Transitioning to college is a big deal. Some people find it hard to leave their families and friends behind, while others were probably ready to leave last week or maybe even last month.
I'm sure you've all read letters of advice to incoming freshmen before, but I wanted to write this to those who are going to St. Louis University based on my own personal experiences and things around campus.
1. Welcome Week
Welcome week is something that you'll either love or hate. No matter what, you'll have a good time meeting those on your floor and around campus, but some people will enjoy this more than others. I, for example, found those few days to bring on a full roller coaster of emotions. I was happy to meet new people, get to know my roommates, and begin my transition to college. I was also really upset to be leaving my family, nervous to be on my own, and anxious to make sure that I was saying the right things.
As cliche as this sounds, remember who you are. Don't change your personality, attitudes, morals, or beliefs just to "fit in" the crowd. You'll find people that love you just for you, it just might not be during welcome week.
2. Start Slow
On the Wednesday of the first week of classes, there will be an activity fair so that you can see all of the clubs, groups, and organizations around campus. You'll probably want to put your name on every table you pass, but remember that there's only 24 hours in a day, and you need to fit eating, sleeping, and class in there as well. Find what you love, but don't overwhelm your schedule- you (and probably your grades) will regret it later.
3. Save Your Flex
If you have no idea what "flex" is, here's a simple definition:
Flex - glorious meal-plan dollars that you can use around campus at Panera, Starbucks, Jamba Juice, Subway, Qdoba, etc.
Don't go out and get your favorite Pumpkin Spice Latte every MWF before your 9AM class. Your flex will disappear before your eyes. Set a limit on how much you want to spend a week. You're also in luck because the new dining hall is supposed to be fabulous. Use your meal swipes!
4. Try Recruitment
I don't care if you're dying to be in a sorority or not. Try recruitment! I was within a push of a button my computer to try out recruitment, and unfortunately, I decided not to pursue the opportunity. Look at me now, though! I am serving a position on Cabinet for the sorority I am in and I love it. SLU isn't a big state school and you don't have the cookie-cutter sorority life that you see in the movies. You meet some of your best friends in greek life - and why not just try it out for a few days to see if you like it? I said I'd never be in a sorority, but now I can't picture my college career without it.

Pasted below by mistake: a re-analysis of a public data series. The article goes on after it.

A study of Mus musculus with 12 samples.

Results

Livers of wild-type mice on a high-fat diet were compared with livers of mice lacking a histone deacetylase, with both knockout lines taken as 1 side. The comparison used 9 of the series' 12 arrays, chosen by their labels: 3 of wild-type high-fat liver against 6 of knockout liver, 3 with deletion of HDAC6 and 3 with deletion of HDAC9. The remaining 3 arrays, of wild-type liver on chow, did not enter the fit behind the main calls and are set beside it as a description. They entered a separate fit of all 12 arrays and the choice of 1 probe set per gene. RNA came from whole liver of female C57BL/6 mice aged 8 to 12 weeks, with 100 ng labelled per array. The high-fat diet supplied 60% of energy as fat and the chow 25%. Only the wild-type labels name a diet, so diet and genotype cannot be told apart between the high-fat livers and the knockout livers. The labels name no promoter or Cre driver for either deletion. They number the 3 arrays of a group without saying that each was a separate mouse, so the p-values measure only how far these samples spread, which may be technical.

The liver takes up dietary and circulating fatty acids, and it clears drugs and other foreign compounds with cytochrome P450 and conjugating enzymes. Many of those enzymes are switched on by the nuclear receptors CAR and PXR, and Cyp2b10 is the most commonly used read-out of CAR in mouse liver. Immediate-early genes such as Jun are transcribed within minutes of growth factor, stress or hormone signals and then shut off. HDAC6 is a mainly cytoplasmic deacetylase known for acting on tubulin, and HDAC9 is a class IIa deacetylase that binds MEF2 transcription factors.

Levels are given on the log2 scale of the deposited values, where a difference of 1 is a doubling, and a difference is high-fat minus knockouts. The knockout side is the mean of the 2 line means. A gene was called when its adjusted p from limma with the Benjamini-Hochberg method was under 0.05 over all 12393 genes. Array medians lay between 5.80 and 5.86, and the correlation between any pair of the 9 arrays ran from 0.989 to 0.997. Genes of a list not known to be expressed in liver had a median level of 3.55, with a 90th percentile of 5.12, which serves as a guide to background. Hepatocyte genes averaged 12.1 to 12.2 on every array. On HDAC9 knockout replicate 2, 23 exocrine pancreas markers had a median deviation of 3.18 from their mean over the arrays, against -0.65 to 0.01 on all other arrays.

5. Check In
I'm not talking about checking into your new dorm room. I'm talking about checking in with yourself, your family, and your friends from home. Just because you're living away from home, doesn't mean that you disappeared from their lives. You have something known as a cell phone. It works for calling and texting people! Use it!
Also, check in with yourself. Be sure you're not overloading yourself. Being homesick is okay. It's normal. Just address your feelings and move on to better places. These feelings will pass - I promise.
6. Don't Forget Where You Came From
Don't forget who you are. Don't change yourself for others. You'll constantly hear this your freshman year: What? But she was so innocent in high school! Please, don't be the person they're referring to. Remind yourself who you are and where you came from. You're amazing just the way you are.
7. Use Those Resources!
I cannot stress this one enough. SLU offers SI Sessions (group studying with a TA), 1-on-1 tutoring, and a writing resource center. These are all amazing resources to keep in mind when studying. Needing tutoring in highschool may have been embarrassing, but in college it shows how much you care. Those appointments book up fast. Use them - they're free!
There's also your faculty mentor, academic advisor, campus ministry, the counseling center (which is more popular than you may think), and disability services. Bad test taker? Struggling to get used to being away from home? Feeling down about a recent life event? See any or all of these people. They're there for you! That's literally their job. Let them help you.
Side note: disability services is not just for those with what society views as a disability. Not the best test-taker because you get all sweaty and lose everything that you studied? Guess what? Disability services can set you up to be successful. Don't be embarrassed. Don't try and do it on your own. Make it easy on yourself and address your weaknesses.